I was only briefly at last week’s opening of the renovated Seppeltsfield cellar door and new terraced garden, which doubled as the opening of Fino at Seppeltsfield, but I felt the excitement fizzing in the place.

I have to be up-front and confess I’m a pretty big fan of the Seppeltsfield winery. My dad’s first job after he finished at Nuriootpa High School was as a trainee winemaker there. When mum and dad were first married they lived in one of the workers cottages across the road from the gravity-fed winery. They had a black Labrador called Tokay who loved vintage because on the steps next to the old concrete fermenters he could lick up the sweet, purpleness that bubbled through the heading boards.


Anyway, I have some sort of emotional connection to the place from all the stories. But I don’t think it would be hard for anybody to become a bit attached because it is a beautiful place and home to one of the greatest stories of the Australian wine industry… founded by a Silesian settler whose son, Benno Seppelt, was crazy enough to seal up a barrel in 1878 and declare it had to sit for at least 100 years before anybody did anything with it.

It’s a winery that passed from family ownership, survived a corporate mothballing and has been nourished back to life back in private hands. Its redevelopment has accelerated since another guy with crazy ambitions, Warren Randall, became one of the owners.
So back to the reason for last Friday’s party… the cellar door has been re-fitted; a big, empty space of gently-sloping asphalt replaced with a stunning, terraced garden; and the Fino restaurant has found its second home.



As I was walking around, saying g’day to everybody from photographer Dragan Radocaj to part-owner Randolph Bowen, I honestly had a light-bulb moment. This is what innovation looks like. And it’s possible to be innovative in a building that dates back to 1866, it just means you have to change a few plans along the way to keep the Heritage Trust happy.


The word innovation is bandied about way too much. It should be saved for projects like this one. I started thinking about all the things I’ve heard the marketers say lately (people like Stuart Gregor and Angie Bradbury), that cellar door experiences are rarely experiential, they’re all formulaic and all the same, everybody has to stop copying each other. The Seppeltsfield renovation is the antidote to those sorts of problems.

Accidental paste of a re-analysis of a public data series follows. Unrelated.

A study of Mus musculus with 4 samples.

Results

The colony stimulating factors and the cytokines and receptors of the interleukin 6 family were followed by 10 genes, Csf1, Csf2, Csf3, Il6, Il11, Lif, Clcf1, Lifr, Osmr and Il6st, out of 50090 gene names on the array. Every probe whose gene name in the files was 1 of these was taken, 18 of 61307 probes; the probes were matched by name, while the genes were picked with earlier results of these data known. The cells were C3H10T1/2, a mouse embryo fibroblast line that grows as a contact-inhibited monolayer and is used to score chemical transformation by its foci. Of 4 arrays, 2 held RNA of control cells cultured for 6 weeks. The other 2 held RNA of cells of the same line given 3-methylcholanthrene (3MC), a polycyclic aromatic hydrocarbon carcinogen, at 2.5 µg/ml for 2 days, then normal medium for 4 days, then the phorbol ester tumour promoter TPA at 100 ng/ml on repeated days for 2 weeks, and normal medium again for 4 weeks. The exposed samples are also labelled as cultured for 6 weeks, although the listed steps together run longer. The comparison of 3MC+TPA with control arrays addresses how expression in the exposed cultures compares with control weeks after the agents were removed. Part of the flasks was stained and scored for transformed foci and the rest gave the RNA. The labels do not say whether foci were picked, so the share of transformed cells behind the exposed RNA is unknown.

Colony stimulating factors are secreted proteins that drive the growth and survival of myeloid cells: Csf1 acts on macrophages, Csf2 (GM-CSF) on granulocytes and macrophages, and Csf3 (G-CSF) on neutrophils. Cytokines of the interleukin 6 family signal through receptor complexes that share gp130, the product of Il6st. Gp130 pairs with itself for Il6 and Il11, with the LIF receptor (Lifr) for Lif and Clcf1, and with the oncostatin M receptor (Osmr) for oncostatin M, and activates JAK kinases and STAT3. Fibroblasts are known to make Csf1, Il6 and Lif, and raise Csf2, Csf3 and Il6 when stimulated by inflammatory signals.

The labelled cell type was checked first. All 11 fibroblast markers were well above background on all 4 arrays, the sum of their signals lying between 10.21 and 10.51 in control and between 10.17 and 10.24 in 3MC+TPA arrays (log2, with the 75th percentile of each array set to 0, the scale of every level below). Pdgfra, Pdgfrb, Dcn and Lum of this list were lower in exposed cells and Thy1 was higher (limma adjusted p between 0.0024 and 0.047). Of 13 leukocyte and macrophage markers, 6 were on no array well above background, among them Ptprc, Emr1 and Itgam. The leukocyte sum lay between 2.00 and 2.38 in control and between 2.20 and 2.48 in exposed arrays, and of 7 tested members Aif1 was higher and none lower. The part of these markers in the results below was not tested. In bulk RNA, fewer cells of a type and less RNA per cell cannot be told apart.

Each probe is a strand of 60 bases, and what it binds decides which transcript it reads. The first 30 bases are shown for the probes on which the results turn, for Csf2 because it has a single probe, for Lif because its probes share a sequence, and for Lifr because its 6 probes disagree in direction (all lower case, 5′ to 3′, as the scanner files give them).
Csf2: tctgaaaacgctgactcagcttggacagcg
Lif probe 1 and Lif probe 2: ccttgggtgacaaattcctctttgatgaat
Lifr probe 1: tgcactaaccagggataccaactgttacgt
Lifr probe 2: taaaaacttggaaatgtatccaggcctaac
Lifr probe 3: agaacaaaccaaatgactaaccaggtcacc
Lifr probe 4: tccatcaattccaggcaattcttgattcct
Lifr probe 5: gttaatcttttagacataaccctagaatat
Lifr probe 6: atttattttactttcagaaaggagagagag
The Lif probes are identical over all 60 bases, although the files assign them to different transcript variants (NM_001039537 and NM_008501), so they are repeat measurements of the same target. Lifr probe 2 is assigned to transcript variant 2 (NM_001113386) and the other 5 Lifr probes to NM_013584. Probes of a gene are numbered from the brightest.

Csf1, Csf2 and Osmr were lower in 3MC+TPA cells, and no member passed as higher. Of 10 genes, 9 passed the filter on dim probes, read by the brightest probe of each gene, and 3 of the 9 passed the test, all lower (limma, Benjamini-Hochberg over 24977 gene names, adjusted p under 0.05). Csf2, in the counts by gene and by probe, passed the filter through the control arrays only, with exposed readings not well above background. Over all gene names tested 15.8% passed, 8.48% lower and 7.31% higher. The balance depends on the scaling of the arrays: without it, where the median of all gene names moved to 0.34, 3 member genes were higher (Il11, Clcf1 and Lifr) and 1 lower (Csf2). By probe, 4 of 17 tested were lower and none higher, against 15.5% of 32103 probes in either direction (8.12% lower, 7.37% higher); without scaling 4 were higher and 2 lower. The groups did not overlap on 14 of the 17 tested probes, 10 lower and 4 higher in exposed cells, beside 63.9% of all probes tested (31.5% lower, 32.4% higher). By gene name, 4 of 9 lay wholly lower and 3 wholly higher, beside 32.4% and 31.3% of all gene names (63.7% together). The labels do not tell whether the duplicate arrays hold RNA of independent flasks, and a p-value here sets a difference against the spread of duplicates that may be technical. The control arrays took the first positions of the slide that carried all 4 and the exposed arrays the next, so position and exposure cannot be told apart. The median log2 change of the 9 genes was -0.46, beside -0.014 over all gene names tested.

I reckon there must have been local builders and sparkies involved in all the renovation, because they were all at the launch. I also met the guy who supplied the slate, he was a bit tired because the building and gardening work only paused for a couple of hours the night before the Friday launch party.


I don’t know how the courting process evolved, but Fino at Seppeltsfield is surely the perfect match. Fino will no doubt thrive on the local produce, I’m pretty sure David Swain already had a fair bit to do with the emergence of a Freeling Berkshire pork producer (who supplied the pork that was spit-roasted for the opening and served up on Apex bakery buns, before Nick Ryan stole a head and ate the ears, eyes, brains and all). The restaurant will enhance the reputation of the Barossa as a ‘foodie’ destination. The new ‘pods’ in the cellar door are going to enhance the wine tasting experience for both punters and staff.

I thought the Bavarian dancing and bell-playing at the party was a bit overdone, but only because the Barossa was settled by Silesians, the Seppelt and Gogoll families included, not lederhosen-wearing Bavarians. I asked Bob Sloane, the new Barossa Mayor, to say something to Warren about this, but he said he was “out of his jurisdiction” because we were in the neighbouring Light Regional Council. But while I mention regional differences, it was great to see Barossa and McLaren Vale identities rubbing shoulders at the party, there were even a few Adelaide Hills connections there. It is a good thing to see celebrations like this bringing people together. Perhaps a few more projects (and parties) like this could help improve the mood of the whole industry and remind everybody that innovation isn’t a word for the boardroom and conference presentations. Innovation requires big dreams. And it takes hard work to bring big dreams to life.


Well done to everybody involved at Seppeltsfield.